Three researchers with Force Science credentials presented new study results at the recent annual conference of the Society for Police and Criminal Psychology in Austin, TX.
One, Dr. John O’Neill, a behavioral scientist on the staff of the Force Science Institute, was cited with special recognition. After reviewing all the conference’s presentations, 64 in total, a judging committee bestowed on O’Neill the prestigious Shaffer Award for Best Research Presentation. The honor is named for the late Dr. Charles Edward Shaffer, a founder of the Society known for his unwavering “commitment to solid research.”
The Society, with international professional membership, is devoted to drawing on scientific knowledge about “the full range of human behaviors” to create “practical solutions” to problems in law enforcement, corrections, and the criminal justice system, according to its mission description.
O’Neill’s presentation focused on some surprising findings from a new Force Science study he led regarding public perceptions of ballistic vests.
As we all know, some of the complaints of vocal activists and the media after the Ferguson riots and other OIS-related disturbances have centered on the alleged “militarization” of law enforcement, including police clothing and equipment.
In brief, O’Neill’s team took one item of police gear that’s often highly visible in public confrontations—external ballistic vests—and surveyed samplings of civilians as to their perceptions. These included their impressions of how various vest models and their attachments affected officers’ approachability, “militarized appearance,” intimidation, confidence, and other qualities, as well as the “confidence instilled in the public.” Also the participants were asked to rank the relative importance of these various attributes.
“Obviously, public interaction is a large portion of the job for police officers,” O’Neill explains. “And how the public perceives officers, including LEO appearance, has an influence on every interaction.”
The six vest models assessed ranged in appearance and utility from one “designed to look like a dress shirt with buttons down the center and pockets in the chest area with no attachments” to a “complex” version that featured five attachments: “a radio, taser, handcuffs, magazine pouches, and a body-worn camera.”
“Vests with more external attachments were rated as more militarized and intimidating,” the researchers found. Probably no surprise there.
However: “Participants rated militarized appearance and intimidation as the least important attributes when considering external ballistic vests,” O’Neill reports. What the civilians said mattered most was the confidence that a vest instills in the officer wearing it, “followed closely by how confidence-inspiring the vest is to the public.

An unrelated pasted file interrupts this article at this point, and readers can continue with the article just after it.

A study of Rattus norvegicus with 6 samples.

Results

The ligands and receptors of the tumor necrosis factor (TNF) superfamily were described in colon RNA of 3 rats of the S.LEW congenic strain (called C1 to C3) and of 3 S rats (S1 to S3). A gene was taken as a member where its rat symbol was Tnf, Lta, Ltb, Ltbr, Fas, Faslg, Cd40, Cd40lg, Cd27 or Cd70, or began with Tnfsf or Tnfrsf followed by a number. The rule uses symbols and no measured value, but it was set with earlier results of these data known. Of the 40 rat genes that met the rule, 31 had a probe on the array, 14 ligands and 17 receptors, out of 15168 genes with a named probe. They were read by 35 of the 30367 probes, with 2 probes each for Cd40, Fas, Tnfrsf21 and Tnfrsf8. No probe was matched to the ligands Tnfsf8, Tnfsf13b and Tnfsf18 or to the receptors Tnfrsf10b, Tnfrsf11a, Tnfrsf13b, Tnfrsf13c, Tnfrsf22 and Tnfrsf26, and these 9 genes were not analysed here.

“While more complex vests (3-5 attachments) were rated as more militarized and intimidating and less approachable, [they] were also rated as more organized, professional, recognizable as law enforcement, and as inspiring more confidence in the officer and public”—all positive attributes.
“Given these findings,” O’Neill concludes, “it is possible that the public may prefer officers to perform duties while wearing more tactical-styled vests with outer carriers than vests that appear similar to an officer’s buttoned-up shirt or vests that are not equipped with attachments…. [M]ilitarized and intimidating appearance might not detract from the public’s overall acceptance….”
He suggests that “educating the public on the function” of external vests “might decrease” whatever negative perceptions do exist and “help the public feel safer, more connected, and trusting of their local law enforcement personnel.”
O’Neill told Force Science News that he anticipates publishing a detailed report of the study in a peer-reviewed professional journal later this year. He can be reached at: firstname.lastname@example.org.
UDs & ExDS
Also featured at the Society conference were two other researchers with Force Science affiliations.
Staff behavioral scientist Dr. Dawn O’Neill presented a study she headed regarding unintentional firearms discharges, which we reported on preliminarily last August [see article here]. Among other things, her findings pinpointed where and when officers are at highest risk of experiencing UDs and what precautions seem most likely to prevent them.
Simon Baldwin, a use-of-force analyst with the Royal Canadian Mounted Police national headquarters, described findings from research he led into Risk Factors of Excited Delirium Syndrome in Non-Fatal Use-of-Force Encounters.
Baldwin, a PhD candidate in psychology at Carleton University, is among the small, hand-picked cadre of basic Force Science graduates to earn advanced-specialist certification in Force Science Analysis. The research team for his ExDS study included Force Science faculty members Dr. Christine Hall and Chris Lawrence.
The next annual conference of the Society for Police and Criminal Psychology is scheduled for next Sept. 13-16 in San Diego. More information is available at the group’s website: www.policepsychology.org
Meanwhile, Dr. John O’Neill and Dr. Dawn O’Neill will be appearing on the program at the annual convention of the Assn. for Behavior Analysis International, May 25-29 in Denver. They are expected to disclose significant findings from a major Force Science investigation currently underway, regarding law enforcement training practices and motor skills retention. Executive Director Dr. Bill Lewinski is heading that research.